Posted by on October 5 2010 in Cheese, Drinks, Recipe, Red Meat, Sandwich


That is one of my favorite quotes about teamwork and the spirit of those words is part of why I love sports so much. We see time and time again that individual stars get paid the big bucks but often it is the team that works together best that has the most success. The same could be said for cooking. While quality ingredients are important, the simplest ingredients can really come together with just some time, effort, technique and a sense of fun.

With that in mind, it has been a rain-filled and cold week on the East Coast so I was in the mood for soup and a sandwich. Here’s the spin I put on a traditional combo for wifey and I to enjoy while cheering on PSU football Saturday night.

Open-faced French Onion Soup Sandwich

First you must recruit. So to assemble your team of ingredients, here is what I went with: 4tbsp clarified butter, 1 tbsp olive oil, 1 lb onions sliced lengthwise, 8 oz beef stock, cup of spiced apple wine (I had it on hand from a local winery but feel free to use any white wine you like), c grated apple wood smoked Gruyere,red onion ciabatta bread and parsley.

Stock: I went back and forth on whether to cheat and just use a store-bought stock but decided to make my own — of course making more stock than I would need for the recipe so that I could  replenish the supply in my freezer. Feel free to use any stock recipe mix you like but here is what I went with: 2 large beef soup bones, 4 short ribs, 3 celery stalks, 2 onions unpeeled and quartered, 4 carrots and some tomato paste.

In a roasting pan put a little oil on the bones and ribs before roasting them at 400 degrees for 35 minutes. Take it out of the oven and mix in all the other ingredients before popping in for another 35 minutes. Take everything out of the roasting pan so you can deglaze with some wine, then place the meat and veggies in a stock pot before adding the glazing liquid and enough water to cover everything. I cooked this down for almost 4 hours and then let the mixture cool slightly before straining it through a sieve to get my final stock. You can use any of the ingredients for other dishes if you want. I  ended up using the carrots for a spicy carrot soup later in the week but from here, you’ll only need the short ribs and stock.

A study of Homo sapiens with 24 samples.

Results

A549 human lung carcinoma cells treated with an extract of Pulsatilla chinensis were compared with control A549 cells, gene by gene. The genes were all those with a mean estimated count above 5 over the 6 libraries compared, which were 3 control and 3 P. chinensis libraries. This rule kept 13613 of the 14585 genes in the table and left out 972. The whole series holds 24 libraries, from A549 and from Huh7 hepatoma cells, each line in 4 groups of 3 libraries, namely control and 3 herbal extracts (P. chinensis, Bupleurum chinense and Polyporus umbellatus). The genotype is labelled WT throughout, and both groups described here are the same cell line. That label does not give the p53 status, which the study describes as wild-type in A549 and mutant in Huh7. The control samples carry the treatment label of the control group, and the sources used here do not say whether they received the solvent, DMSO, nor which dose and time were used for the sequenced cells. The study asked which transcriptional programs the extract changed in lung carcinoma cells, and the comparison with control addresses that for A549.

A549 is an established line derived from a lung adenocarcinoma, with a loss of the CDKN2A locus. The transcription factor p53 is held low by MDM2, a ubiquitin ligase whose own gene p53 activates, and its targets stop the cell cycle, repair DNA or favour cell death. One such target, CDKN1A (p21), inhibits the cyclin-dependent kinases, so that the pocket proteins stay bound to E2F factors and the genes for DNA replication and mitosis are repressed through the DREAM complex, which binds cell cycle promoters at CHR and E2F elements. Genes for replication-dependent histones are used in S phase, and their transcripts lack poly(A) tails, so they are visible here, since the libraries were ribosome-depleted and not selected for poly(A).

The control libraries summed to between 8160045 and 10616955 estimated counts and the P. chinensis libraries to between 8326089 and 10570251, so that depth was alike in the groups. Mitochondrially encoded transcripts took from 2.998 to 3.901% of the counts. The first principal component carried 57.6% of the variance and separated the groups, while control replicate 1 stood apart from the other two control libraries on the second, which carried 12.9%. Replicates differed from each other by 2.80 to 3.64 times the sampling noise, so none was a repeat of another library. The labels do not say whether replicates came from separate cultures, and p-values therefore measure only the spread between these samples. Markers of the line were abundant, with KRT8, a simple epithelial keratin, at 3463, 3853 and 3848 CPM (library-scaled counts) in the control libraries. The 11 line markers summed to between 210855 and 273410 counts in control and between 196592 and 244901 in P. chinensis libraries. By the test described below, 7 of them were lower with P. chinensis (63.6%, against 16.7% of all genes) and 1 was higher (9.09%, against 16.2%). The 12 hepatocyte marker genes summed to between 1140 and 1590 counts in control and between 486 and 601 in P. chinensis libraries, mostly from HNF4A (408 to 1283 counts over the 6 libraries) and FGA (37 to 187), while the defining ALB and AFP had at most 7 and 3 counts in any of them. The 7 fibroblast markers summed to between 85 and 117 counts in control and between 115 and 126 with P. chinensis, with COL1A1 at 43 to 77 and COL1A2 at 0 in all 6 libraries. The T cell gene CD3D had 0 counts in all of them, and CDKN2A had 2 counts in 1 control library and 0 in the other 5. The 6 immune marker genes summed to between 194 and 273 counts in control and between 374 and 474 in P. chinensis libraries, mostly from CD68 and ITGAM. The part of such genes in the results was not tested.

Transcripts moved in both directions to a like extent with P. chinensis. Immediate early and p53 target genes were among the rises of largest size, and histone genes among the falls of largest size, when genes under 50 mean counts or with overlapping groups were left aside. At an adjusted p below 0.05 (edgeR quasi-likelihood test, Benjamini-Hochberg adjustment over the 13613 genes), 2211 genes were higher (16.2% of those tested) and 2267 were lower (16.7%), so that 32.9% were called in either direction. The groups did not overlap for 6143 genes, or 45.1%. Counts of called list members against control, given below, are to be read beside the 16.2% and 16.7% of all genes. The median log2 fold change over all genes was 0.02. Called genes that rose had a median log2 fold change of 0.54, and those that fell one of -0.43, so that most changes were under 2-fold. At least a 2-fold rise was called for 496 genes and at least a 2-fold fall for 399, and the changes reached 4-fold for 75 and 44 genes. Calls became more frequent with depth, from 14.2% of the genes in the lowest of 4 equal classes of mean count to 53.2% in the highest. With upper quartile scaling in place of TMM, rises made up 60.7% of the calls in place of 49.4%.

Soup: Toss the butter and oil in the saucepan. (I am guilty of following all sorts of unproven wives’ tales when I cook, but one I cannot stand is the popular myth that the combo of oil and butter raises the smoke point and keeps butter from burning. The milk solids in the butter are actually what makes it so easy to burn and adding oil only spreads out these solids, it doesn’t get rid of them. By using clarified butter, you get rid of them and keep that silky buttery goodness without much danger of burning or ruining the dish.)

Add onions in with the butter/oil on medium heat to brown for 5 minutes or so and then reduce to low, stirring frequently. It is easy to rush this part but you want to give the onions at least 45 minutes to caramelize and reduce. I also tend to use sweet onions quite a bit in cooking, but if you used them here, the overall result is just a little too sweet.

Add stock and wine, bring to a boil before reducing to a low simmer. Remove the beef from the bones and toss in while keeping everything on low until the liquid reduces. You want it to thicken up a bit so that consistency is like the last few ladles of soup in a pot. It took me about 40 minutes.

Sandwich: While this is simmering, toast your bread so that it won’t get soggy when the thick and tasty mix is poured on top. Layer bread, beef, french onion soup  mixture and top with grated Gruyere before placing under the broiler until the cheese gets bubbly and golden. Garnish with some rough chopped parsley

This may seem like an awful lot of time and energy to put into a simple sandwich, but it is absolutely worth it! All the ingredients are inexpensive and simple but the time and effort to coach them up really shines through when you take the first bite.

As for what to wash this dish down with? I have been recommending some of my favorite beers but with the bottle of spiced apple wine already opened, I thought of a drink I had in Germany a few years back. I had to look up what it was called but, Süssgespritzer is a 50/50 mix of tonic water and apple wine with a squeeze of lemon. Definitely a good fit for the meal and for this weather. As always, enjoy the games!